Women in the United States are developing problem gambling, which sometimes reaches the level of Pathological Gambling, a diagnosable mental disorder at rapidly increasing rates. Recent research efforts have increased the understanding of the psychology of problem gambling, including the roles played by depression and anxiety, personality variables, cognitions and biological factors. According to Toneatto and Millar (2004), research results have indicated that there is a correlation between problem gambling and depressive symptoms, symptoms of anxiety and obsessive compulsiveness and impulsivity. Research focused on gender differences (Grant and Kim, 2003) suggests, “Women are more triggered to gamble by feelings of loneliness and dysphoria (depression) as compared with men. Further, women’s motivations for gambling include escape from personal or family problems, whereas men gamble more for excitement and to win money.”
There is some evidence that women who develop gambling problems are more likely to be living with someone with a gambling or drinking problem, but to have fewer alcohol and legal problems themselves (Ladd and Petry, 2002). In addition, a 2009 research study (Afifi, Brownridge, MacMillan and Sareen) suggests that the presence of marital violence is “associated with higher rates of gambling.” Lesieur and Blume (1991) hypothesize that gambling may be a very specific activity that women use to deal with, especially distract themselves, from marital abuse. Further, a study by Scannell (2000) indicates that, “Women employ more emotion-focused coping strategies such as avoidance and self-blame, which in turn lead to reduced control over gambling behavior.”
Although findings are still preliminary, some research has also begun to identify biological factors involved in pathological gambling. Specifically, research suggests that there are genetic factors indicating some familial hereditability of problem gambling behavior. Biological research has also indicated that the ventromedial prefrontal cortex may be involved in decision-making regarding pathological gambling. In addition the orbital frontal cortex may be involved “in the processing of rewards during the expectancy and experiencing of monetary gains or losses” (Toneatto and Millar, 2004). There are additional neuropsychological findings which suggest that there may be a neurotransmitter dysfunction involved in the development of pathological gambling which can be treated with the use of pharmacological agents (Commission on Behavioral and Social Sciences and Education (CBASSE) 1999.)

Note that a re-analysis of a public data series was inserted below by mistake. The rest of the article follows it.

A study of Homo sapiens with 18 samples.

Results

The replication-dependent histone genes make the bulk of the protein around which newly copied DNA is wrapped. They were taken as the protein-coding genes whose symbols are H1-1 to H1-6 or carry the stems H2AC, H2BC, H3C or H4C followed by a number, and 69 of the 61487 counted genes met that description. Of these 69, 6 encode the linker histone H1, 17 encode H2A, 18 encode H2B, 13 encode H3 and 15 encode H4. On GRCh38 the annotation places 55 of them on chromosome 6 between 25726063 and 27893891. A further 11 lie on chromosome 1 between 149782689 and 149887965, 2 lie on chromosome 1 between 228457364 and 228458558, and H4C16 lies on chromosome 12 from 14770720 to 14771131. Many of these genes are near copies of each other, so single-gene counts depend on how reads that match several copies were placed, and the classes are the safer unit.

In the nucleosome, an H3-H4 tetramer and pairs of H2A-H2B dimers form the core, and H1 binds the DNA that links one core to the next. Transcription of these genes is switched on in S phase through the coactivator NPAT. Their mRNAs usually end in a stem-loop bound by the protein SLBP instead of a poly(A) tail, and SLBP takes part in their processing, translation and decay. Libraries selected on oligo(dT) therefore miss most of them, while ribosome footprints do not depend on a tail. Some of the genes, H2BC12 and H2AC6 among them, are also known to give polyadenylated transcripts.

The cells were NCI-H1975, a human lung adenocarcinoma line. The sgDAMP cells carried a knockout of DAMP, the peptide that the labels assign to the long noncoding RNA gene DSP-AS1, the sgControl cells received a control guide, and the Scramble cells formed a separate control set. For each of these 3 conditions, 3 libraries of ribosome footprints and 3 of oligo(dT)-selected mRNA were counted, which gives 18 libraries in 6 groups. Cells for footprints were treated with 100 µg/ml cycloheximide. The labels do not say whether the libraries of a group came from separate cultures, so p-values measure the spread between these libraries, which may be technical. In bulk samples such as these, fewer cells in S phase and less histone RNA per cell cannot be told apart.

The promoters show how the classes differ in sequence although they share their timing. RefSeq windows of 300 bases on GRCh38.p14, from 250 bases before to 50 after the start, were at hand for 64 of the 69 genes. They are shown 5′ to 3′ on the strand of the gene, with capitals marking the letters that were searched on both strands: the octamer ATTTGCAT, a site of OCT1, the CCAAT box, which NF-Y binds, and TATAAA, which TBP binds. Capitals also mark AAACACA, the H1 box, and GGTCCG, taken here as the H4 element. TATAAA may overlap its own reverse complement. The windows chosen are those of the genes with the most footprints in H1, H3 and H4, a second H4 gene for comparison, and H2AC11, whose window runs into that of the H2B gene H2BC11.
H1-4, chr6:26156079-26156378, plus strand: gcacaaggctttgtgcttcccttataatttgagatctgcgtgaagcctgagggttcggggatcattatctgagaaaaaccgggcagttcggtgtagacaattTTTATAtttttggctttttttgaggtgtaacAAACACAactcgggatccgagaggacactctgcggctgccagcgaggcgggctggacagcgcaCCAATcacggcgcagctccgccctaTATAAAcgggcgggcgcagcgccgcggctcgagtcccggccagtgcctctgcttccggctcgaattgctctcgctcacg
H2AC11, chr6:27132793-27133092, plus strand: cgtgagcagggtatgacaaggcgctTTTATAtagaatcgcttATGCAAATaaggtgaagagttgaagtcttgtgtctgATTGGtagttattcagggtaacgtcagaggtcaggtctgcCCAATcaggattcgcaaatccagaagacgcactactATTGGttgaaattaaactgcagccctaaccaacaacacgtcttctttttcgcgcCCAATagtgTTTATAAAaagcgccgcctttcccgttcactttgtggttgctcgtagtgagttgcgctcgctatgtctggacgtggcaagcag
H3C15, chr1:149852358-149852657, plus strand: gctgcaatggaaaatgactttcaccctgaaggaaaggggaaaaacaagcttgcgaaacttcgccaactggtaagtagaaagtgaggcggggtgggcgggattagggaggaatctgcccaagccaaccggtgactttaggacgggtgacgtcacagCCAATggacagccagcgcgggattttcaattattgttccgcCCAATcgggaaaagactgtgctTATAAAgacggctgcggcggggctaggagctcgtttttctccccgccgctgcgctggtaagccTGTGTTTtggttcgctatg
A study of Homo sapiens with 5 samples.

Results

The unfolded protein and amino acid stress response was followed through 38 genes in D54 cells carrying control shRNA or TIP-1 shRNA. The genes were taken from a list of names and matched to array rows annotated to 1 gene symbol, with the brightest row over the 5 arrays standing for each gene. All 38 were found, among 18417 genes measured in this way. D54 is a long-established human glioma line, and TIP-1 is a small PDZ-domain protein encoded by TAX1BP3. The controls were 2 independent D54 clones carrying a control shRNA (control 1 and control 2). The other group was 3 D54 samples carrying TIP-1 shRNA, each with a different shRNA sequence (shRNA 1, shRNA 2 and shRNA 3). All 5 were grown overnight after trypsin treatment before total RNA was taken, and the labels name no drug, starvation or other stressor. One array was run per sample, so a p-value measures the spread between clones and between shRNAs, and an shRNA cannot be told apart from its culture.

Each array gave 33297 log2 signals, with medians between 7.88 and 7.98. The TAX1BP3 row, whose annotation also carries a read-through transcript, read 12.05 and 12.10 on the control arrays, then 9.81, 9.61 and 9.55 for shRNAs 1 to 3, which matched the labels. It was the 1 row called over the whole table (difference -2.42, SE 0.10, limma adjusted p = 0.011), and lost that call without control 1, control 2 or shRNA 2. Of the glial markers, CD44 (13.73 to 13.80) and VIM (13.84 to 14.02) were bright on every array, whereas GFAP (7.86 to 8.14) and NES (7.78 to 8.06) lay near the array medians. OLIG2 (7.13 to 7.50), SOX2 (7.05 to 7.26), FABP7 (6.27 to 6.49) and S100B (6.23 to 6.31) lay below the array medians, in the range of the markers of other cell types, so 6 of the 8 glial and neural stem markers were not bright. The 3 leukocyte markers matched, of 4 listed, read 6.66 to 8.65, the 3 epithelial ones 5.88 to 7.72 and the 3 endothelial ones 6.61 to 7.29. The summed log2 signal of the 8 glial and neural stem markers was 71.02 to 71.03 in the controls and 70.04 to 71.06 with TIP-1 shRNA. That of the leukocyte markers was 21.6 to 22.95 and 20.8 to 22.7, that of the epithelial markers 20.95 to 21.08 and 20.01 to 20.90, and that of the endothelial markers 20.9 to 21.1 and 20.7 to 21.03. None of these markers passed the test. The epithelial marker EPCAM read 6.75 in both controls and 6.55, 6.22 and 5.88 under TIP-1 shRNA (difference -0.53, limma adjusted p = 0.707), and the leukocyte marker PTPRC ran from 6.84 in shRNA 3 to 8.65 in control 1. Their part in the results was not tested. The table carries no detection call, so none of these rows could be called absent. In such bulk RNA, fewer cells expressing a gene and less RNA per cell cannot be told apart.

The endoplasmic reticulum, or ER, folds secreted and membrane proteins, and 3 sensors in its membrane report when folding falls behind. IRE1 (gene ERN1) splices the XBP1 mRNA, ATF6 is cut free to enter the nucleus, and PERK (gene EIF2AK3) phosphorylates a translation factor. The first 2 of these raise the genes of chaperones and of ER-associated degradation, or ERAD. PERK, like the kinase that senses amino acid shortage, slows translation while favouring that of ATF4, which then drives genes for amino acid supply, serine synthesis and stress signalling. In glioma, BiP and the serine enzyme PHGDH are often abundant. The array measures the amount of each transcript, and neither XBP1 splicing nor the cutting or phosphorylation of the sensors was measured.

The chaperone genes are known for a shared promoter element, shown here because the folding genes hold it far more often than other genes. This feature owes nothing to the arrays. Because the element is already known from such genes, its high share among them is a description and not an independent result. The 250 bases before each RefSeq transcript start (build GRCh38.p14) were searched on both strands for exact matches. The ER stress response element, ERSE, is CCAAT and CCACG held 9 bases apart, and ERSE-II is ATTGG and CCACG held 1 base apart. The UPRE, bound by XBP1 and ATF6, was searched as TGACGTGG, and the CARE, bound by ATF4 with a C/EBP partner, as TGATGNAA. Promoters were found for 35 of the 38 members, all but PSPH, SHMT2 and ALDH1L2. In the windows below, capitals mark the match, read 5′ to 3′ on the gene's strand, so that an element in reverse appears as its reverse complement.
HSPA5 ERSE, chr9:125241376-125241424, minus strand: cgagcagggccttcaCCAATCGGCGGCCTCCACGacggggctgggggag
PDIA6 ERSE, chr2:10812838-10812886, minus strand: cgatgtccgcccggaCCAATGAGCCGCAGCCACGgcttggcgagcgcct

Problem gambling is also sometimes a factor for women who embezzle funds from their employer. During the last several years, I have evaluated 18 women charged with embezzlement, ten facing Federal charges and seven in State Court. We have just begun to analyze our data, but a number of patterns appear to stand out. Unlike other female criminal defendants, almost none of these women had previous criminal charges, drug/alcohol problems or major mental illness other than depression, anxiety and PTSD. A significant number were motivated by “higher loyalties,” primarily related to meeting a variety of needs of their families (e.g., shelter, medical care) or responding to direct requests or indirect pressure from a male partner, spouse or boyfriend (none of whom were indicted) in order to preserve that relationship. Two other relevant motivational factors have emerged in this group of women charged with embezzlement: their involvement in problem gambling and the behavior of compulsive spending, often to purchase items and pleasurable activities (e.g., vacations) for themselves and their families to distract themselves from psychological problems and distress. Even though relationship problems were not as predominant in these women, they were often in the background. In all of the cases of women charged with embezzlement, results of the forensic psychological evaluation were used either for plea negotiations, sentencing or both.